There’s a story making the rounds about a young Michigan woman who won a $1 million state lottery jackpot. She took a $700k lump sum and paid about $200k in taxes, leaving her with a $500k windfall.
A local TV station caught her at the grocery store, still using a Michigan food stamps card:
Local 4 tracked Clayton down to her Lincoln Park home where cameras spotted her and a U-Haul truck, getting ready to move into a new house—that she paid for in cash—now that she has struck it rich. She also bought a new car.
She said she gets $200 each month, from taxpayers, to foot her food bill.
When confronted, Clayton said she didn’t think she was doing anything wrong.
“I thought that they would cut me off, but since they didn’t, I thought maybe it was okay because I’m not working,” she said.
“I feel that it’s okay because I mean, I have no income and I have bills to pay,” she said. “I have two houses.”
Ladies and gentlemen, meet the new face of America.
A brand-new house paid for with cash – two houses actually, according to her – and a new car. And no steady income.
No money to pay for homeowners insurance or auto insurance or property taxes, when the money runs out.
No money to pay for upkeep and repairs on either the houses or her car, when the money runs out.
And when she is broke again (which will probably be a lot sooner than she thinks) what will she do?
There was a time when average Americans understood the value of money. They had no choice but to be productive in order to be able to pay for what they needed. And they understood the differences between needs and wants, between necessities and luxuries. You paid for your needs first, and saved what you had left over to spend on luxuries. You took pride in the things you owned, because they were a reward for your hard work. “Entitlement” was a function of accomplishment – you were entitled to the good things in life after you had accumulated the means to afford them.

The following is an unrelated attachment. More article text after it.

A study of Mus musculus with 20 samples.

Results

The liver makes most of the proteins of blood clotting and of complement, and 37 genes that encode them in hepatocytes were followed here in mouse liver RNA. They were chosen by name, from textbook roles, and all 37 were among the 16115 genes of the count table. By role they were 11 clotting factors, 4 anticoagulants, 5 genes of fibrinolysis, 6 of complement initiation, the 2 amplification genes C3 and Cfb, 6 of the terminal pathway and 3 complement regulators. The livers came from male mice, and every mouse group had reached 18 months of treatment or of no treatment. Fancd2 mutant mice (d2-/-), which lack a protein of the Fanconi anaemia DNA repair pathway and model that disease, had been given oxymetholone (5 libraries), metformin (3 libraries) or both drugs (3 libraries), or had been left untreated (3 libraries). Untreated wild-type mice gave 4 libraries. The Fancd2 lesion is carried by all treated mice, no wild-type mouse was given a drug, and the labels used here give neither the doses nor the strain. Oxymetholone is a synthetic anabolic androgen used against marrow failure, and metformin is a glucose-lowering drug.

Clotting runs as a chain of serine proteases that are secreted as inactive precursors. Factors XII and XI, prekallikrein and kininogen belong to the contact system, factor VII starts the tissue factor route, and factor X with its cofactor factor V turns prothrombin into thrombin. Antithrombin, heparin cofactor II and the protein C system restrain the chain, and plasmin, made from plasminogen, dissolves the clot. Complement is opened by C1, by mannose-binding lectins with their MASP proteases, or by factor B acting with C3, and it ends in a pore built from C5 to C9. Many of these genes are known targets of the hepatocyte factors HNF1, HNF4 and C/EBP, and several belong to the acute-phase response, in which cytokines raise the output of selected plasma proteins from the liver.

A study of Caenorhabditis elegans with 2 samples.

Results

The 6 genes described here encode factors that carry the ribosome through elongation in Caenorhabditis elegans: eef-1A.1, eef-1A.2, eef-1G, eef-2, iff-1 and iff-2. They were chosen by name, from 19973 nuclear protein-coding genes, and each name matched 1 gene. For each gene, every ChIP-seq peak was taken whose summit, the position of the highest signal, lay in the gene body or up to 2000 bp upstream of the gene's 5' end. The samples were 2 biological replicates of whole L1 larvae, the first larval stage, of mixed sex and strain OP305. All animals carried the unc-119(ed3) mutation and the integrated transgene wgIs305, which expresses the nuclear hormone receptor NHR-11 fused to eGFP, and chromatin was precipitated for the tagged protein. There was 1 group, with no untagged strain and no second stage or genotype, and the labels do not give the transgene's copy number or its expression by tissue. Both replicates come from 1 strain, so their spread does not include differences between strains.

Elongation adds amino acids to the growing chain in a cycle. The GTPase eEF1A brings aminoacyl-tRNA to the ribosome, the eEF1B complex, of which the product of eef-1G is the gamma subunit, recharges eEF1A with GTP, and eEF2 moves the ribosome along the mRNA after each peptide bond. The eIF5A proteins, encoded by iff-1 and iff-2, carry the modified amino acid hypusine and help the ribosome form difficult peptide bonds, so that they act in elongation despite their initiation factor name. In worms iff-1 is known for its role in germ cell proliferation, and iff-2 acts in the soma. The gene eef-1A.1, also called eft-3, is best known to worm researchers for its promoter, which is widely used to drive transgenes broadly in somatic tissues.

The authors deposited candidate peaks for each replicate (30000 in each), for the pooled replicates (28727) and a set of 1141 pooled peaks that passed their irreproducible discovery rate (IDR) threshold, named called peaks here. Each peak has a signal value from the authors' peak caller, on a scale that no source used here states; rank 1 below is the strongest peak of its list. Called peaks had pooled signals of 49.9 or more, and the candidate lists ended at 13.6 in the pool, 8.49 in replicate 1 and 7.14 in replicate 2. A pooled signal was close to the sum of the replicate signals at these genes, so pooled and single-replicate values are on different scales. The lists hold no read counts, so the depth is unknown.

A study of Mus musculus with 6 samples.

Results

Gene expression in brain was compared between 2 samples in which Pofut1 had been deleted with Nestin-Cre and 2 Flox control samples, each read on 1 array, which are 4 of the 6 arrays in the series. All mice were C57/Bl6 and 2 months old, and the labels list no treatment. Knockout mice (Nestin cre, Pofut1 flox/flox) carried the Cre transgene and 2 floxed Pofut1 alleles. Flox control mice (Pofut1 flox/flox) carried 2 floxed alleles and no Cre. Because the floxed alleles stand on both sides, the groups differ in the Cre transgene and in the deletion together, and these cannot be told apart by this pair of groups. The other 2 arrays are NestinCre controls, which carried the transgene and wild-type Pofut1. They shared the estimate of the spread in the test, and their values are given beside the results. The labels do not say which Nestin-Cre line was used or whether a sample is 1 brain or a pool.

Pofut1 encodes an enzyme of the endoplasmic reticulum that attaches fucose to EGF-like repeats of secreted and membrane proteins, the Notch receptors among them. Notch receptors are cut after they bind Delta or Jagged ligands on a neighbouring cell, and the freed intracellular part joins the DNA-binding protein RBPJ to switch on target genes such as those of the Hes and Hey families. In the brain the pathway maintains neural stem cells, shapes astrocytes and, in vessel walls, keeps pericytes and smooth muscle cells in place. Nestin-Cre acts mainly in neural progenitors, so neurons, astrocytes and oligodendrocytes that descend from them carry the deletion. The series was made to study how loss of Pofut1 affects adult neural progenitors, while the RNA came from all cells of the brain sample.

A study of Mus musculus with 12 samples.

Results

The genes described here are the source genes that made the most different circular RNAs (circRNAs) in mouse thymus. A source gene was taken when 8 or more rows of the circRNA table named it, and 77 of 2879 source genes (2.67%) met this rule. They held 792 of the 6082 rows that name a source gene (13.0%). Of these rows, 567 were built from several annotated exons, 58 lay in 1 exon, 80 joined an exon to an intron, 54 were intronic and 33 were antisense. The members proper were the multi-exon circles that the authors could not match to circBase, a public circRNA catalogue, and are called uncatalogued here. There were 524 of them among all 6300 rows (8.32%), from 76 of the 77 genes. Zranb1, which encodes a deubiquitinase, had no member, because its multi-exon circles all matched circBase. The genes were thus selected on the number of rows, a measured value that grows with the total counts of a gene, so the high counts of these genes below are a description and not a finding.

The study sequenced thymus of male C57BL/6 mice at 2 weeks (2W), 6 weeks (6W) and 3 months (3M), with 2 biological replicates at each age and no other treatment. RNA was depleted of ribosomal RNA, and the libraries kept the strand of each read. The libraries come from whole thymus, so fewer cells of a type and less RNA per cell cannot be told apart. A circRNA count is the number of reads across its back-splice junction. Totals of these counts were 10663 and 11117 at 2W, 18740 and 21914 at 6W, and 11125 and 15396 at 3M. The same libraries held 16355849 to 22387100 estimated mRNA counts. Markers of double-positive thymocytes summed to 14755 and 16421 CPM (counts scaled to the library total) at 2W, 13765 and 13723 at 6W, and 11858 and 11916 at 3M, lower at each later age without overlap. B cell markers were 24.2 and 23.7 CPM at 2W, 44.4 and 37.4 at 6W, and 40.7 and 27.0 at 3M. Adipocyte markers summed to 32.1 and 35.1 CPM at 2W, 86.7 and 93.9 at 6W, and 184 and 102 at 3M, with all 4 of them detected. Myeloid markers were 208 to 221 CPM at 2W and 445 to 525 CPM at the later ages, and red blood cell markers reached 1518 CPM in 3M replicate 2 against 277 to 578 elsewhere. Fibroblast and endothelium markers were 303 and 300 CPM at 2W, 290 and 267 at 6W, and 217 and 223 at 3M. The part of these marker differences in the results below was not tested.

Obviously Amanda Clayton has no idea what that means. She represents a new generation of Americans who believe that they are entitled to all the consumer goods that superficially define an upper middle class lifestyle, yet have almost zero understanding of what those possessions are really worth in terms of the wealth that is required to develop, produce, and maintain them.
About a year ago, Victor Davis Hanson observed:
The cars of our poorer brethren in our major discount stores are late model and often expensive. People get into them with full carts of food and clothing. Housing here is cheap and good. How to square this circle between official poverty and misery and the veneer of a well-off general public?
I’ve been discussing these disconnects with farmers, a professor or two from CSU Fresno, and local business people. All come to the same conclusions. There is a vast and completely unreported cash economy in Central California. Tile-setters, carpenters, landscapers, tree-cutters, general handymen, cooks, housekeepers, and personal attendants are all both finding work and being paid in cash.
And yet for all the cash economy, it seems almost everyone in the food stores and doctors’ offices are on food stamps, Medi-Cal, and rent subsidies.
The result is statistically we are impoverished with near 20% unemployment; but in reality something stranger and weirder is transpiring. Prosperity and well-being are mostly assessed in relative not absolute terms … easy credit, combined with little shame or penalty in defaulting on what one owes, has allowed a superficial parity with the upper-middle class. Massive government transfers and relaxed eligibility have ensured households thousands of dollars in entitlements and subsidies.
It doesn’t take a genius to figure out that such an arrangement is not sustainable. Either we run out of money, or the producers simply run out of patience. That being said, people like Amanda Clayton and millions of others will never really be able to experience a sense of satisfaction with what they have acquired. This sense of dissatisfaction and emptiness is, I believe, a primary motivation behind the Occupy movement and the rhetoric of politicians eager to give away more goodies – like a drug dealer giving a free fix to a curbside junkie – in exchange for votes.
When I think about it like that, I almost feel sorry for Ms. Clayton. Almost.
If you like Victor Davis Hanson, you should also read this essay entitled The California Corridor, if you haven’t already done so.